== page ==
Caribbean leaders need to act more and talk less when it comes to improving regional connectivity.
This was one of the central themes on Caribbean Aviation Day last Wednesday, during the Caribbean Tourism Organisation (CTO)/International Air Transport Association (IATA) conference held at the Ritz-Carlton Hotel in Grand Cayman.
Both IATA’s regional vice president for the Americas, Peter Cerdá and the newly elected CTO chairman, Caymanian Minister of Tourism Kenneth Bryan agreed that regional stakeholders had long been talking about making the Caribbean a multi-destination experience, and it was time for them to put their money where their mouths are.
“There has been a lot of going around in circles for too long and we have to meet with the right people, all the stakeholders, to ask all the hard questions and get the answers right away to decide whether we are going to do this or not,” Bryan told Barbados TODAY after the conference.
“I do recognise that many of the key stakeholders in this are politicians and we love to talk and that is just the reality. But we need to get a stronger analysis from the private sector on the practicalities of this and then we can analyse the data which gives us options and shows us what the effects would be – negative and positive – and make a call.
“We have to be more sufficient in our deliberations and dialogue to come to action points, regardless of what those action points may come to, even if that means – which I really don’t hope for – that multi-destination travel is not an option because of the complexities or individual viewpoints and systems. But, regardless, let us stop talking about it, let us get down to work and make the decision based on proper investigative analysis,” he added.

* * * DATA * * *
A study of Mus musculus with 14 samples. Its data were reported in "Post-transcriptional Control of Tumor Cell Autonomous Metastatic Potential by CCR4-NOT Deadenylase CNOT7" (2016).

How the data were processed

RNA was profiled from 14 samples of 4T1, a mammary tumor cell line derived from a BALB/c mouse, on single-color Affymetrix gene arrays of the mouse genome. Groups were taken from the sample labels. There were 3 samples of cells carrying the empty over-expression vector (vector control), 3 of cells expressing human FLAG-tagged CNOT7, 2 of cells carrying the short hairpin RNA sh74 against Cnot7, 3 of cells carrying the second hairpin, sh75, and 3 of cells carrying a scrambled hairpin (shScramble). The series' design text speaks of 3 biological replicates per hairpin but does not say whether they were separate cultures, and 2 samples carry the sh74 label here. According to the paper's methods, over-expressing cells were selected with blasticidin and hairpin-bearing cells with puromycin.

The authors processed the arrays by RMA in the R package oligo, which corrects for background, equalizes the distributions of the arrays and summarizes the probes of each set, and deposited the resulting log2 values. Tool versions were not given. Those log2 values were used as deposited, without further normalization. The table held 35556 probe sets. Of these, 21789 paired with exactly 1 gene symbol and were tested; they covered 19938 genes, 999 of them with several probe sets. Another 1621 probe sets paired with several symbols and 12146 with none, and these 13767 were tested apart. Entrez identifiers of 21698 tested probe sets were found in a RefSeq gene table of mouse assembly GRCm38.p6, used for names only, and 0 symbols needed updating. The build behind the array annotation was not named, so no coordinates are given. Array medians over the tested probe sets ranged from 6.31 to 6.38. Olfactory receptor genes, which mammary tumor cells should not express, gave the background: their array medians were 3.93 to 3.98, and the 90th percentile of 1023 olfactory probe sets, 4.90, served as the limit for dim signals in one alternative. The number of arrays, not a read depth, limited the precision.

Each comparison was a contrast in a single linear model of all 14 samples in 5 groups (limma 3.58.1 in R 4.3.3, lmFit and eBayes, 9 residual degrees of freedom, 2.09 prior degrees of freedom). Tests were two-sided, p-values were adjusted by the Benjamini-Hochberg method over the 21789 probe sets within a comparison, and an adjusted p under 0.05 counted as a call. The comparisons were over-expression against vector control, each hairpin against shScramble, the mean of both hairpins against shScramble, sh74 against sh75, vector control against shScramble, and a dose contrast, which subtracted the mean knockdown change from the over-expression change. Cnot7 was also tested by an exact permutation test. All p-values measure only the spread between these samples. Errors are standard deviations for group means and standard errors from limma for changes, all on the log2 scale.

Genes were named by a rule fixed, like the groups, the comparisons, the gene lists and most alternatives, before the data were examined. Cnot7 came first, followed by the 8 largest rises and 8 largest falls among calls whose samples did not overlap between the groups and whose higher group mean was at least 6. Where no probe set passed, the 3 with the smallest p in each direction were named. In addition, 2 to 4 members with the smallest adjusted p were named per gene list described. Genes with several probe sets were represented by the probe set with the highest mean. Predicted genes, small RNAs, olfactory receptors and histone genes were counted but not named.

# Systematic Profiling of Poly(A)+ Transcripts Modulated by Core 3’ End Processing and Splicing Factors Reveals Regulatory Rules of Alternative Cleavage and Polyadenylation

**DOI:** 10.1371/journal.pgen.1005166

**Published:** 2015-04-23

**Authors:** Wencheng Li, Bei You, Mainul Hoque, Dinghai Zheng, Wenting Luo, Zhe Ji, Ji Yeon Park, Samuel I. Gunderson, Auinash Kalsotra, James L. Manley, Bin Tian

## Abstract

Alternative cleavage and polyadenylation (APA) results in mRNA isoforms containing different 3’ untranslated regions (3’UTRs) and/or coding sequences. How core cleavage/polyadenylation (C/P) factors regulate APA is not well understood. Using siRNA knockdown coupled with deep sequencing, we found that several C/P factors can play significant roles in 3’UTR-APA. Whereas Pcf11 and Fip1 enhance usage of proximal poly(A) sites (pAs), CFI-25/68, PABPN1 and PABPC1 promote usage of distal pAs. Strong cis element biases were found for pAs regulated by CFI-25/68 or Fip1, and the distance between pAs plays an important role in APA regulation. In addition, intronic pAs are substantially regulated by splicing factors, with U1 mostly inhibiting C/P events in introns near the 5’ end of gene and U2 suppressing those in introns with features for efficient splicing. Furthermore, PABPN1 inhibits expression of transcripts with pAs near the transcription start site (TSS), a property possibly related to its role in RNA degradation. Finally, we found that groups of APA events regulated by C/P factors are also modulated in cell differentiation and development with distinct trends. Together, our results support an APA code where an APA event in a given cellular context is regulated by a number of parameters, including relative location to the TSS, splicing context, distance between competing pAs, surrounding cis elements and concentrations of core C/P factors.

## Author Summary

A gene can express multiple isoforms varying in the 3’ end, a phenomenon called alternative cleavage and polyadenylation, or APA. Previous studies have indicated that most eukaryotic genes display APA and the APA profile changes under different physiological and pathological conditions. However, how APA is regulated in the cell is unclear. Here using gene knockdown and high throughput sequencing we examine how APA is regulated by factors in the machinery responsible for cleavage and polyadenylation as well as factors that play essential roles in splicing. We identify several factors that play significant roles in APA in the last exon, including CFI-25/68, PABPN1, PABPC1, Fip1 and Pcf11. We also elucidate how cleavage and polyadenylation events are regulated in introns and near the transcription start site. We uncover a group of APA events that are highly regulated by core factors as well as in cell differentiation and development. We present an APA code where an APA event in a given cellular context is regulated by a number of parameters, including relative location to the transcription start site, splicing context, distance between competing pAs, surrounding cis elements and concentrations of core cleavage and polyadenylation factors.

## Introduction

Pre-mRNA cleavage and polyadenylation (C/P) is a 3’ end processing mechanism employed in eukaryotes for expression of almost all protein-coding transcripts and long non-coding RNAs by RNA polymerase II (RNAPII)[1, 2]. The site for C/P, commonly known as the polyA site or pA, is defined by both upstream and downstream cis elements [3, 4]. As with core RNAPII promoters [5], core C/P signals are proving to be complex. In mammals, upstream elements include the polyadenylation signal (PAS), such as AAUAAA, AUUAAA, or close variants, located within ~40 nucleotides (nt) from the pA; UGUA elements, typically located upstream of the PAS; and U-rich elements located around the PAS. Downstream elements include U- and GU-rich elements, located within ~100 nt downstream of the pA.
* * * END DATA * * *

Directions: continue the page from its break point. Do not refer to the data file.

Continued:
During his speech, Cerdá said that multi-destination travel was becoming more important as the cost of living was increasing globally and tourists were being extra mindful of how they spent their money.
“Selling and marketing the Caribbean as a multi-destination is becoming increasingly important, as inflationary pressures will have an adverse effect on the disposable incomes in some of the key source markets like Canada, Europe, and the USA,” he said. “When holidaymakers will be deciding where they will spend their valuable vacation days and budgets, being able to offer a variety of experiences will be key; and when they fly, today’s travellers are also looking for a seamless/simplified experience.”
Cerdá noted that a major challenge was the ability to generate demand that would support a sustainable increase in air connectivity.
He contended that “outdated, redundant and paper-based administrative and regulatory processes continue to negatively impact airline operations”. “Together with those in charge at government level, we need to urgently move into the digital age to provide a better customer experience and more efficient and secure airline operations.
“The good news is that many governments went down that path when it came to providing travel authorisations during the height of the pandemic. So we need to build on these experiences moving forward, rather than return to the old and inefficient ways,” he said.
Cerdá added that Caribbean leaders need to relook the successes of the Cricket World Cup 2007 which was held in the region and implement a similar model.
“The region had the perfect opportunity to revolutionise back in 2007 when it hosted the Cricket World Cup and created a single domestic space arrangement for the free movement of visitors. What will it take to stop the chatter and like the Nike slogan states ‘just do it’?” he questioned.